The problem:

We know that unit testing is an essential part of software engineering (at least we should all know that). Integration testing assure us that all the pieces work well together properly. At the very top of the pyramid is end-to-end (sometimes called user or acceptance) testing. This is the test set that loads the application, clicks buttons, submits data, reads data. In general, it acts like a user and assures us the applications works in the eyes of the user as it is intended to. Unfortunately in order to emulate the user experience archaic and many time s complicated system were used. These system were expensive to setup, costly to maintain, and fragile to run.

Herein I will show you in less than 6 steps how to use Chrome to emulate a user visiting a number of social media services and provide visual feedback as to what was rendered in the browser.

Pre-flight requirements:

Basic CLI / Terminal abilities

Docker

How to do it:

1) Download the image from Docker Hub via the CLI: docker pull davidjeddy/docker_puppeteer_jest

2) Clone the source repository so we can use the example test suites: git clone git@github.com:davidjeddy/docker_puppeteer_jest.git

3) Now lets change into newly created directory: `cd docker_puppeteer_jest`

4) Finally we execute the image: docker run -t -v $(pwd):/app --name dpr --rm davidjeddy/docker_puppeteer_jest. In this example we are mounting the code repository into the container at the /app directory location.

5) If all went well we should see the following in the terminal:

Congratulations, you have just executed your first user acceptance test suite using headless Chrome in a container.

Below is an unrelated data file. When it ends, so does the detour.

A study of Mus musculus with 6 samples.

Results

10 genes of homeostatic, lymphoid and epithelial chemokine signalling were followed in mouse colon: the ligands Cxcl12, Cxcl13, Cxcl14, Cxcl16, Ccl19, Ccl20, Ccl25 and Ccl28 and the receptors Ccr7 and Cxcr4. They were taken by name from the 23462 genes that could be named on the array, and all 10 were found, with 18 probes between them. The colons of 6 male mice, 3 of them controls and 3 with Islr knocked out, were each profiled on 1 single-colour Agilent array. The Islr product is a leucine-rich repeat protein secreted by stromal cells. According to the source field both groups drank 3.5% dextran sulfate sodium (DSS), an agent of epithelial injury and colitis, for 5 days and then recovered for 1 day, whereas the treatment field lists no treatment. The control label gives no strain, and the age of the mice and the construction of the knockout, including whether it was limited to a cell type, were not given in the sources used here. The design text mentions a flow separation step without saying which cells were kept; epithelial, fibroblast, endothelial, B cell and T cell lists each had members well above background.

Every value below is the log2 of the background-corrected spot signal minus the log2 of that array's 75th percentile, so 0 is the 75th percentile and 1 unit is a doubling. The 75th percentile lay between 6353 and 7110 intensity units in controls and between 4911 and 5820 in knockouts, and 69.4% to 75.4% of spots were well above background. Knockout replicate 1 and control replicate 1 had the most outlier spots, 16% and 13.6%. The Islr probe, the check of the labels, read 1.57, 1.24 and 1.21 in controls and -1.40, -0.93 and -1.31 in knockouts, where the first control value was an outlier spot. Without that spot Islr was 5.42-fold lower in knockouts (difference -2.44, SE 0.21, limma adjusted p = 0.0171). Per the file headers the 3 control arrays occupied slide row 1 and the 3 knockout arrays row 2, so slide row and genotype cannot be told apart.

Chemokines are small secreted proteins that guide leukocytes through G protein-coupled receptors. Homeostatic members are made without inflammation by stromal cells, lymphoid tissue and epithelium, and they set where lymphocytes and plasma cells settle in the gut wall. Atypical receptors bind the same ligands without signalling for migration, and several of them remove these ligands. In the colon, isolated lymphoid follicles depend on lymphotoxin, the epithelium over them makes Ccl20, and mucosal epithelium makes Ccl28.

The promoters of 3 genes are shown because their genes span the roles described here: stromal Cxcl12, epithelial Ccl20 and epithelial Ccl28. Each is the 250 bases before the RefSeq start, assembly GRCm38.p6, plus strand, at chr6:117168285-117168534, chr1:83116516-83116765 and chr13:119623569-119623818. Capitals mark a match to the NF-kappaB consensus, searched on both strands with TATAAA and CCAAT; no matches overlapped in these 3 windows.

To make it even easier, lets make an alias the execute the custom docker run command. Something like alias 'dta'='docker run -t -v $(pwd):/app --name dpr --rm davidjeddy/docker_puppeteer_jest'. Now type dta and press enter.

Next Steps:

To map your project into the container replace -v $(pwd):/app in the docker run command with -v {Your projects absolute path here}:/app.

Under the hood:

Docker starts a container with Chrome as the browser, Puppeteer starts a headless Chrome session. All of this isolated from the host machine as is the nature of containers. The Jest testing framework is then triggered and the test suites are auto-detected due to there directory location and naming scheme. Jest then executes the tests providing output and screen capture images to ./tests/_ouput/ which is volume mounted to the host machine.

 

Conclusion:

This process can be used with a number of frontend architectures. React, Vue, jQuery, static content, DOM manipulation, and any other material rendered a client browser. The world, as it is said, is your oyster.

I hope you enjoy your acceptance testing using a headless browser and all the assurances that come with it. Hopefully you found this useful to increasie assurance that you changes get to production without negatively affecting the quality of your projects.